Beech 99, Neihart, Mont., Aug. 17, 2004–The NTSB determined the cause of the Alpine Air Beech 99 cargo flight crash was the pilot’s failure to maintain adequate terrain clearance during cruise, which resulted in the airplane’s hitting mountainous terrain. Dark night conditions and mountainous terrain were contributing factors. Before the accident, the pilot told ATC he was VFR and level at 8,500 feet msl.
Cessna CitationJet CJ2 525A, Newnan, Ga., July 15, 2005–The NTSB said the CitationJet’s collision with a localizer antenna was caused by the pilot’s delay in aborting the landing and his failure to maintain obstacle clearance. The Safety Board listed as contributing factors hydroplaning and the localizer antenna.
Commander 690A, Cleveland, Ohio, Jan. 4, 2005–The pilot’s failure to maintain directional control during landing caused the airplane to run off the runway and hit a sign, said the NTSB. While landing on Runway 24 at Cuyahoga County Airport, the Aero Commander began to yaw to the right, and the airplane ran off the runway.
Beech King Air 200, Bay View, Texas, Dec. 10, 2004–The ATP pilot’s failure to maintain directional control as a result of his improper runway selection was blamed for the Charter One King Air’s crash into trees on takeoff from Rancho Buena Vista Airport. The right quartering 14-knot tailwind was a contributing factor. The runway was a 3,500-foot grass strip.
Dassault Falcon 20, Pine Bluff, Ark., Dec. 5, 2004–The NTSB determined the probable cause of a Falcon 20 overrun was the pilot’s misjudgment of speed and distance. Contributing factors were the moderate rain and the reported encounter with hydroplaning conditions.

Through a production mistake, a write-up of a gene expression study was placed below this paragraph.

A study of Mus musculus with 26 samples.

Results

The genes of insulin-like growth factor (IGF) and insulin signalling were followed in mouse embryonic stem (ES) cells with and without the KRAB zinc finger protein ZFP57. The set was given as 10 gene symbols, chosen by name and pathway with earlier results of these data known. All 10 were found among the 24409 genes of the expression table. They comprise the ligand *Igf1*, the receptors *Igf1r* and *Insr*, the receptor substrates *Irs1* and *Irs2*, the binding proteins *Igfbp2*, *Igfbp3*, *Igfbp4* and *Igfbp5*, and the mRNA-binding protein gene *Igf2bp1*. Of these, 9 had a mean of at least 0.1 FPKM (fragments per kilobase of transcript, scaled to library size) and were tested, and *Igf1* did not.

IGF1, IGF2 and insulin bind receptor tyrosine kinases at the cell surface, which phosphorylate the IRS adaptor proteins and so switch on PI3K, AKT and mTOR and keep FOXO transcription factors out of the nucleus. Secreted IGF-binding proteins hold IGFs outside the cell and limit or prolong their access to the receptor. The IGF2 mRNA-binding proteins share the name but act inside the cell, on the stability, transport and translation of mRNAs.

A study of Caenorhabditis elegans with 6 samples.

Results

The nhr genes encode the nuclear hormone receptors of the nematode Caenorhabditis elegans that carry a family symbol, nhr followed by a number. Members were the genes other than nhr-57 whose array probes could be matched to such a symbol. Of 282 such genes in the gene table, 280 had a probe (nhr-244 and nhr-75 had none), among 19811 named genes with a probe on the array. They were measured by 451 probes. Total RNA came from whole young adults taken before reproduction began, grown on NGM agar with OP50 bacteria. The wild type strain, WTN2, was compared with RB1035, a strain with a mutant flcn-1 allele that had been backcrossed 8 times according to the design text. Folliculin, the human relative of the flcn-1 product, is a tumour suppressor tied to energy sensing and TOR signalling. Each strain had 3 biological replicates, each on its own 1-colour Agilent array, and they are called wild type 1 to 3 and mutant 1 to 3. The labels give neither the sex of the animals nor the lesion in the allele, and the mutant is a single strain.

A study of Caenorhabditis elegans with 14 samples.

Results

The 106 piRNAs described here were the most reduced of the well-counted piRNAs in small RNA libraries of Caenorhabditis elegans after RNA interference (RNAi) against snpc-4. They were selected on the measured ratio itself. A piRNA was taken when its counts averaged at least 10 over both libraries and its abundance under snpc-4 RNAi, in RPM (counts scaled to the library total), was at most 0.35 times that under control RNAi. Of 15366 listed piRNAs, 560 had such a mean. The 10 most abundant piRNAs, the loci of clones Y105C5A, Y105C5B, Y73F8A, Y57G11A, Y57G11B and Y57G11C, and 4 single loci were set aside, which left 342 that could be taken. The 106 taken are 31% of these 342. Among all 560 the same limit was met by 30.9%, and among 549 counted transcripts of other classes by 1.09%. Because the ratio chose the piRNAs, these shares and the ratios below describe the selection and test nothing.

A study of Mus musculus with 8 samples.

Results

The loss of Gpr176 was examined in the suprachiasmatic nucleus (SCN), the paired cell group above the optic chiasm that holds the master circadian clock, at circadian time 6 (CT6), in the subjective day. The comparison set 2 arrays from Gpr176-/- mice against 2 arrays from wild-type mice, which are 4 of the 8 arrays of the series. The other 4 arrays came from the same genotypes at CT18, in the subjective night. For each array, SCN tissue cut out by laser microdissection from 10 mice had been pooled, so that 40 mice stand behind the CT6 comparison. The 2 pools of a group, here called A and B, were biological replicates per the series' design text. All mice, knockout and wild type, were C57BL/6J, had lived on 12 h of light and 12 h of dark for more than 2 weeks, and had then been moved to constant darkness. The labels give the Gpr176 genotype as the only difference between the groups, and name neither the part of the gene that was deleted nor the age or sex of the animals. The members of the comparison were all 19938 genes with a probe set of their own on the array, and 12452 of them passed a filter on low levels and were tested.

Cessna 208 Caravan, Round Rock, Texas, Oct. 18, 2005–After losing power, the FedEx Caravan, operated by Baron Aviation of Vichy, Mo., was substantially damaged during a forced landing. The sole-occupant commercial pilot was seriously injured. The flight had originated at Austin, Texas, at 10:15 p.m. and was en route to Fort Worth in night VMC.
Beech 1900D, Ogdensburg, N.Y., Oct. 16, 2005–The US Airways Express flight was substantially damaged when it hit a coyote during its takeoff roll at Ogdensburg International Airport. The ATP-rated pilot, commercial copilot and passenger were not injured. VMC prevailed for the 11:40 p.m. flight to Massena, N.Y.
Bell 206L3 LongRanger, Gulf of Mexico, Oct. 6, 2005–The Industrial Helicopters Long-Ranger disappeared while operating in the Gulf of Mexico. The fate of the commercial pilot and two passengers is unknown, but they are presumed dead. The helicopter had made two flights that day, from a company heliport in Scott, La., to two oil platforms, returning to the heliport.
Cessna Caravan 208B, Winnipeg, Manitoba, Oct. 6, 2005–Icing conditions were present when the Caravan, operated by Morning Star Air Express under contract to FedEx, crashed after takeoff from Winnipeg International Airport at 5:40 a.m. en route to Thunder Bay, Ontario. The ATP-rated pilot, the sole occupant, was killed. She was instructed to turn right on course after departing Runway 36.
Although the NTSB has not yet determined a probable cause for the February 2 Challenger 600 accident at New Jersey’s Teterboro Airport, it has released a number of factual reports. Apparently, the Platinum Jet Management crew failed to perform weight-and-balance calculations properly and delayed its use of the thrust reversers when the jet failed to take off.